Friday, Feb. 23, 2024 |
HONOLULU — Jordan Tehero was a Kauai-raised man in love with skydiving and videography.
He was a drummer, an alumni of Kauai High and was one of the victims of the Oahu skydiving plane crash that killed 11 people on Friday.
According to the Associated Press, the 23-year old picked up skydiving as a distraction from a breakup. His father, Garret Tehero of Kauai, told AP the story of how his son came to enjoy the sport.
“Sometimes people find a passion when they go through something, you know, that makes you want to take the mind off,” Tehero said. “He went and fell in love with it.”
Tehero said he spoke with his son the morning of the crash. The two had flown to Honolulu together, the father for business and Jordan for skydiving. Jordan also worked as a security guard, and his employer wanted him to do some work in Honolulu on Sunday as well, so he decided to stay while his father went back to Kauai.
Jordan’s parents both expressed worries over his new hobby.
“Because of our fear, we wanted him to stop,” the father said. “But he didn’t have the fear that we had, so he just continued.”
Any fears he may have had were taken care of with prayer. “He always told me, ‘Dad, I pray before every flight, before every jump I pray,’ ” the father said.
The family didn’t respond to requests for an interview from The Garden Island Newspaper on Monday, but Facebook posts on Tehero’s page are asking for photos of Jordan to use in his celebration of life. People are already posting group shots and photos of gathered family and friends, with poignant well-wishes and expressions of sympathy.
“Jordan Tehero was a wonderful, vibrant, talented, awesome young man who was a shining bright light of the future,” one friend posted on social media. “I am deeply upset for his family and pray You see them through this.”
The June 21 crash was the most deadly civil aviation accident in the United States since a 2011 Reno Air Show wreck killed a pilot and 10 spectators in Nevada. The plane was carrying skydivers from the Oahu Parachute Co., a North Shore business about an hour’s drive north of Honolulu and crashed Friday evening just inside the perimeter fence of an airfield on the north shore of Oahu island. Federal officials have said the plane crashed shortly after takeoff.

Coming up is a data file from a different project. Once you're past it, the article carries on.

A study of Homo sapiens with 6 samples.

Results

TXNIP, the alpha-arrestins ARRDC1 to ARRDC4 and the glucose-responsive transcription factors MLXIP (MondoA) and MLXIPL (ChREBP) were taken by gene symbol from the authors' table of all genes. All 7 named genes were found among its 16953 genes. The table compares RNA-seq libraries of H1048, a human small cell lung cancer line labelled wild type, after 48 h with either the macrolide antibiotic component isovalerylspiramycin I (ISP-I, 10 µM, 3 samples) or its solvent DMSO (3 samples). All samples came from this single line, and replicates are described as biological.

Autopsies have been completed, and all victims died of multiple blunt-force injuries from the crash, said Andrew Pereira, a spokesman for Honolulu Mayor Kirk Caldwell.
Monday, the National Transportation Safety Board on Monday called on the Federal Aviation Administration to tighten its regulations governing parachute operations due to the crash.
The NTSB recommended to the FAA more than a decade ago that it strengthen its rules on pilot training, aircraft maintenance and inspection, and FAA oversight, board member Jennifer Homendy told a news conference in Honolulu.
She said the FAA hasn’t acted on those recommendations.
“Are we trying to put the FAA on notice for this? Yes,” Homendy said. “We identified several safety concerns in 2008 with respect to parachute jump operations. Accidents continue to happen. There have been fatalities since that time.”
FAA spokesman Ian Gregor said he was reviewing the NTSB’s 2008 recommendations and FAA responses and could not immediately provide a comment.
Homendy said FAA regulations for skydiving flights aren’t as stringent as those for air tours or commercial flights. For example, she said parachute operators aren’t required to act on manufacturer service bulletins, which are similar to manufacturer recalls.
Homendy said there have been 80 accidents and 19 deaths involving skydiving flights since 2008.